Garrett Melby at 2016's SustainPHL awards event. October 24, 2016 Category: ColumnFeaturedLongMethod

Disclosures

This a guest post by GoodCompany Ventures' cofounder and CEO Garrett Melby, who is a member of the board of directors of Generocity Community Alliance, a 501(c)3 nonprofit that launched Generocity and has provided a program-related investment to fund the development of Generocity by Technically Media. That relationship is unrelated to this article.

Editor’s note: On Oct. 6, we published a story titled “It’s been a good week for these GoodCompany Ventures alums,” detailing some recent good news about two social enterprises with which Center City-based accelerator GoodCompany Ventures (GCV) has worked: Chicago-based prison education startup Edovo, and Pittsburgh-based eco-retailer Thread. Reporter Tony Abraham raised the point that much of the impact created by the companies has happened in other cities. Read the story here

In response, GCV cofounder and CEO Garrett Melby left a comment on the post explaining why the success of the companies, though not based in Philadelphia, still benefit the city. It has been reposted here with permission and edited for length and clarity.


“Not all of that impact has been here in Philadelphia.”

Thanks for highlighting the wins of some of our recent recent graduates. You raise a point that I am eager to address for readers, since it’s a key issue that we’ve been working on.

True, we have always sought the most impactful innovations, regardless of geography, and this no doubt detracts from the local perception of the productivity and success of our program. We believe it’s valuable for Philadelphia to attract entrepreneurs here from around the globe — we’ve covered every continent but Antarctica.

GCV was a first mover among social enterprise accelerators and was able to capture a national reputation, and we continue to think this is a good strategy to expand Philadelphia’s reputation as a national hub for social enterprise.

While it’s challenging to convince an entrepreneur to relocate from San Francisco, New York, Boston or other tech hubs to participate in our program, our visiting entrepreneurs love Philadelphia. They find that it’s a big enough city to model major urban issues — no shortage of those — yet small enough to get quickly networked into the tech, business and government resources they need to access. The talent and “generocity” of the speakers, mentors, students and investors who use our program as a platform for serving these entrepreneurs is essential to building the positive reputation for Philadelphia that these entrepreneurs carry back to their hometowns.

From our Partners

That said, we are focused on how we can keep these entrepreneurs — or at least their social impact — in the region.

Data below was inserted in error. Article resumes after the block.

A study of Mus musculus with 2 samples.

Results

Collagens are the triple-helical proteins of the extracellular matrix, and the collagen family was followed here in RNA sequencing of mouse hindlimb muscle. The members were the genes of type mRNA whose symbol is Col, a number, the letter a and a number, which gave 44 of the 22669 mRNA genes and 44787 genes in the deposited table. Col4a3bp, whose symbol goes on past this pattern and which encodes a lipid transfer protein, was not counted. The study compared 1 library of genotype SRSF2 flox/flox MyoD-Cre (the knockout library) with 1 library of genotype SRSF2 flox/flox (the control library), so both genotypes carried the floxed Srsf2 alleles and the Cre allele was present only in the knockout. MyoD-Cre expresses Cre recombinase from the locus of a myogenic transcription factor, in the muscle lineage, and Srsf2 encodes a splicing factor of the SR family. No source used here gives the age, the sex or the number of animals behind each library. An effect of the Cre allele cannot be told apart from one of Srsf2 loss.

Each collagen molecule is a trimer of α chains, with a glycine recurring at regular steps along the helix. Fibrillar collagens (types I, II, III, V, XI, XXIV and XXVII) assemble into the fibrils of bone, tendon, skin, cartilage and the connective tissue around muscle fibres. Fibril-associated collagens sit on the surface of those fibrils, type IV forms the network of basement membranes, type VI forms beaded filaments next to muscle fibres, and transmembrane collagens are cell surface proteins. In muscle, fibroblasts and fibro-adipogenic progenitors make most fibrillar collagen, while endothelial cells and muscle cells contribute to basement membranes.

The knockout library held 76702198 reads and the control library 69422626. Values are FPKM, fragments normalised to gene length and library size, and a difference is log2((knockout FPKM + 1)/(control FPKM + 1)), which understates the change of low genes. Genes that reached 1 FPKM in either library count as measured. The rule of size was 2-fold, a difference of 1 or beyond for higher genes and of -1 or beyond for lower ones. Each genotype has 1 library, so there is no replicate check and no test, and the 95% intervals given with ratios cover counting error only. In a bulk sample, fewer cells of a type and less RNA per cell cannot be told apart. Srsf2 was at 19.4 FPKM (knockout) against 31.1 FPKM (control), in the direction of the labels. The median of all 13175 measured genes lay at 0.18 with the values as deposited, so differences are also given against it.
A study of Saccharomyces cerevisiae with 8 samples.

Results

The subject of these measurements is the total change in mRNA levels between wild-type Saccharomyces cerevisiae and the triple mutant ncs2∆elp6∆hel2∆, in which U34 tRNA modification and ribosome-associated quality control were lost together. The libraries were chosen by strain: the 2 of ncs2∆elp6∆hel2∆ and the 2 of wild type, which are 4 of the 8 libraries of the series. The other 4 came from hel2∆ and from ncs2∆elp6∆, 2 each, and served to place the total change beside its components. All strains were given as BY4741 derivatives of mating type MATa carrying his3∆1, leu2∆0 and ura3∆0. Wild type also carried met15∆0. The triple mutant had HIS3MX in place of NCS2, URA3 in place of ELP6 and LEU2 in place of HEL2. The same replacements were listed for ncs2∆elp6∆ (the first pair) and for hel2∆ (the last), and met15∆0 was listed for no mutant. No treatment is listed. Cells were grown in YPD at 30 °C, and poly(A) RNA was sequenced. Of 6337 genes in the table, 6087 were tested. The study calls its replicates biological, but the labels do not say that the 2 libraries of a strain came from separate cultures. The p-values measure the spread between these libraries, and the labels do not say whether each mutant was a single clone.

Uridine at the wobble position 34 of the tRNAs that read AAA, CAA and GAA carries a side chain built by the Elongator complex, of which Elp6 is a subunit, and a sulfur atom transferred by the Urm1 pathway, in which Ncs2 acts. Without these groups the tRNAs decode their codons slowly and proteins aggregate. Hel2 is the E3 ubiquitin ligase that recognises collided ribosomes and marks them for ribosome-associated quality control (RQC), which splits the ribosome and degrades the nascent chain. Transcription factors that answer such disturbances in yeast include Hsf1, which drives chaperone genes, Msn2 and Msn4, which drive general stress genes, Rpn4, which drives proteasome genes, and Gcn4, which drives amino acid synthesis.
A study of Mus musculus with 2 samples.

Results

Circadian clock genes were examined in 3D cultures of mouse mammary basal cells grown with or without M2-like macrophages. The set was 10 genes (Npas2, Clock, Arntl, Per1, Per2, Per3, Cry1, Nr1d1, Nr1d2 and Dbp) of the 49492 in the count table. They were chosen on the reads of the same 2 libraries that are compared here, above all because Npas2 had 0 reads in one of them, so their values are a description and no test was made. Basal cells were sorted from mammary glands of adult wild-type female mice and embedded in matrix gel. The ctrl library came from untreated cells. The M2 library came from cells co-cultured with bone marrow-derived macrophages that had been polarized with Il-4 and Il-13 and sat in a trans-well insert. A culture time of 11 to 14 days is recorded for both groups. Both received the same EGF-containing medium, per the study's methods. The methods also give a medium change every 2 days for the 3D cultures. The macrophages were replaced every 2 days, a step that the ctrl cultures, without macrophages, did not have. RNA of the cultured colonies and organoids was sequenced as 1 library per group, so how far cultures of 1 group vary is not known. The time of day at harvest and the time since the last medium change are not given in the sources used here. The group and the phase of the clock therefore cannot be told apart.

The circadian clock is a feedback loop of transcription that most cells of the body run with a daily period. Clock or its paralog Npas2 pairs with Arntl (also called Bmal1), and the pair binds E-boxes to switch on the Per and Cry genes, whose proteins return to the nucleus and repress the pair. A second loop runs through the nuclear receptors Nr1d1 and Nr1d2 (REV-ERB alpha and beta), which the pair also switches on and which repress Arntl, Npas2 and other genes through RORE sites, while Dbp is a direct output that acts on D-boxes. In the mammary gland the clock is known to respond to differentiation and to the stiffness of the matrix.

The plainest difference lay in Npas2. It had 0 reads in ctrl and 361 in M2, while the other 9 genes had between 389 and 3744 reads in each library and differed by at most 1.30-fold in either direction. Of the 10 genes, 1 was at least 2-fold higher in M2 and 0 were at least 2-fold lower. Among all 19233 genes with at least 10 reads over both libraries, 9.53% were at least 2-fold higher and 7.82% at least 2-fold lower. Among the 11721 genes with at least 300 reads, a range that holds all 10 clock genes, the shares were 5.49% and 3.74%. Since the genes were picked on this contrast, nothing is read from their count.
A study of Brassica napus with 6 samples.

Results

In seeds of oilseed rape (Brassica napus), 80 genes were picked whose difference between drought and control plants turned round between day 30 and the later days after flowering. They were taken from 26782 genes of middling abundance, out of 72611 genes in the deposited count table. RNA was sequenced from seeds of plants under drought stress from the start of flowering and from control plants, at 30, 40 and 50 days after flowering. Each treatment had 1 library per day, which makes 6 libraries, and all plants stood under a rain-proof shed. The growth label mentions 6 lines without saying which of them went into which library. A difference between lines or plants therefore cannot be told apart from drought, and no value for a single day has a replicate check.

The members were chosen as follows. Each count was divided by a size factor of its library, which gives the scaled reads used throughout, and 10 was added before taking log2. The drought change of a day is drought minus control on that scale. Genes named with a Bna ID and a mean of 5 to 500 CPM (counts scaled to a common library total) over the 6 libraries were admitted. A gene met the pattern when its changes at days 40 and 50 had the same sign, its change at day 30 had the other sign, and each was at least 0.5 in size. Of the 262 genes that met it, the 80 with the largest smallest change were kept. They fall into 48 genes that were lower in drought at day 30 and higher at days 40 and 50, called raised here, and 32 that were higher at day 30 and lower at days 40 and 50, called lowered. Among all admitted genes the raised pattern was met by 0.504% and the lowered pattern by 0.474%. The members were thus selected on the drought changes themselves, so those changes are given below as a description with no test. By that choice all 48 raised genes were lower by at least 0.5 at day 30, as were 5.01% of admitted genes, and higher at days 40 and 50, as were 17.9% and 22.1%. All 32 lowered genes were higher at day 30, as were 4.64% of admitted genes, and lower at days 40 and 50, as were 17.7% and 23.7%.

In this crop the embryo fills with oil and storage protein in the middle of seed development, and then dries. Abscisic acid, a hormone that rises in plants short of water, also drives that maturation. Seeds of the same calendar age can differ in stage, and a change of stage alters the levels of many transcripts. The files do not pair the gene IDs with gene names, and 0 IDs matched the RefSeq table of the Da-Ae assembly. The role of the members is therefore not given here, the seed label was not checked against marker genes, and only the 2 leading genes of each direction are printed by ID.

Capital is part of the answer and we have been very involved in the establishment and growth of the local Investors’ Circle chapter, which is now the largest and most active chapter in the nation. Looking to the future, we are very excited that Ben Franklin Technology Partners has made a major commitment to incorporating social impact to their economic development agenda, recently winning a $250,000 federal grant to develop a impact investment fund.

While investors can, to some extent, bind an entrepreneur to the region, we want entrepreneurs to view Philadelphia as the launch platform of choice.

While investors can, to some extent, bind an entrepreneur to the region, we want entrepreneurs to view Philadelphia as the launch platform of choice, so we are focused on adding elements to our accelerator program to ensure local impact. To this end, we created a new feature — unique among accelerators, to our knowledge — when we designed the FastFWD program for Mayor Nutter and Bloomberg Philanthropies. Rather than using funding from the Bloomberg Mayor’s Challenge prize to make equity investments in our companies, we advised that the funds be used to subsidize local pilots of the innovations.

In addition to ensuring that the innovations we chose would be launched here, the GCV pilot program has the advantages of keeping the city out of the “Solyndra” trap of embarrassing losses in risky startups, facilitating access to institutional infrastructure that startups otherwise can’t (or can’t afford) to penetrate and providing the real-world proof of concept needed to engage private investors.

As a conservative measure of the city’s return, the ratio of private investment mobilized to funds invested in pilots is over 25x for the FastFWD program. If you were to compare the $30,000 invested in a pilot for Edovo to the $1.76 billon value of its projected social impact, the numbers would strain belief, but the pilot was essential for it, as an unfunded seed stage company, to gain access to highly restricted (physically, technologically and behaviorally) test population of the Philadelphia prison system.

In turn, their pilot was essential to gaining access to funding from leading national VCs. The good news for local impact is that although the Edovo team returned to their families in Chicago, Edovo was expanding on the local prison pilot and maintaining staff in Philadelphia as a regional support center.

I’ve focused on Edovo here, since they were highlighted in the story, but FastFWD funded local pilots for companies from San Francisco to Boston (as well as local participants) who are now applying innovative technologies to issues ranging from social service delivery, hunger, neighborhood blight and urban agriculture.

We love the way in which the GCV pilot program provides donors such a powerful form of high-impact philanthropy and provides the non-local entrepreneurs a supportive (rather than compulsory) reason to launch their innovation locally, to benefit this city and its citizens.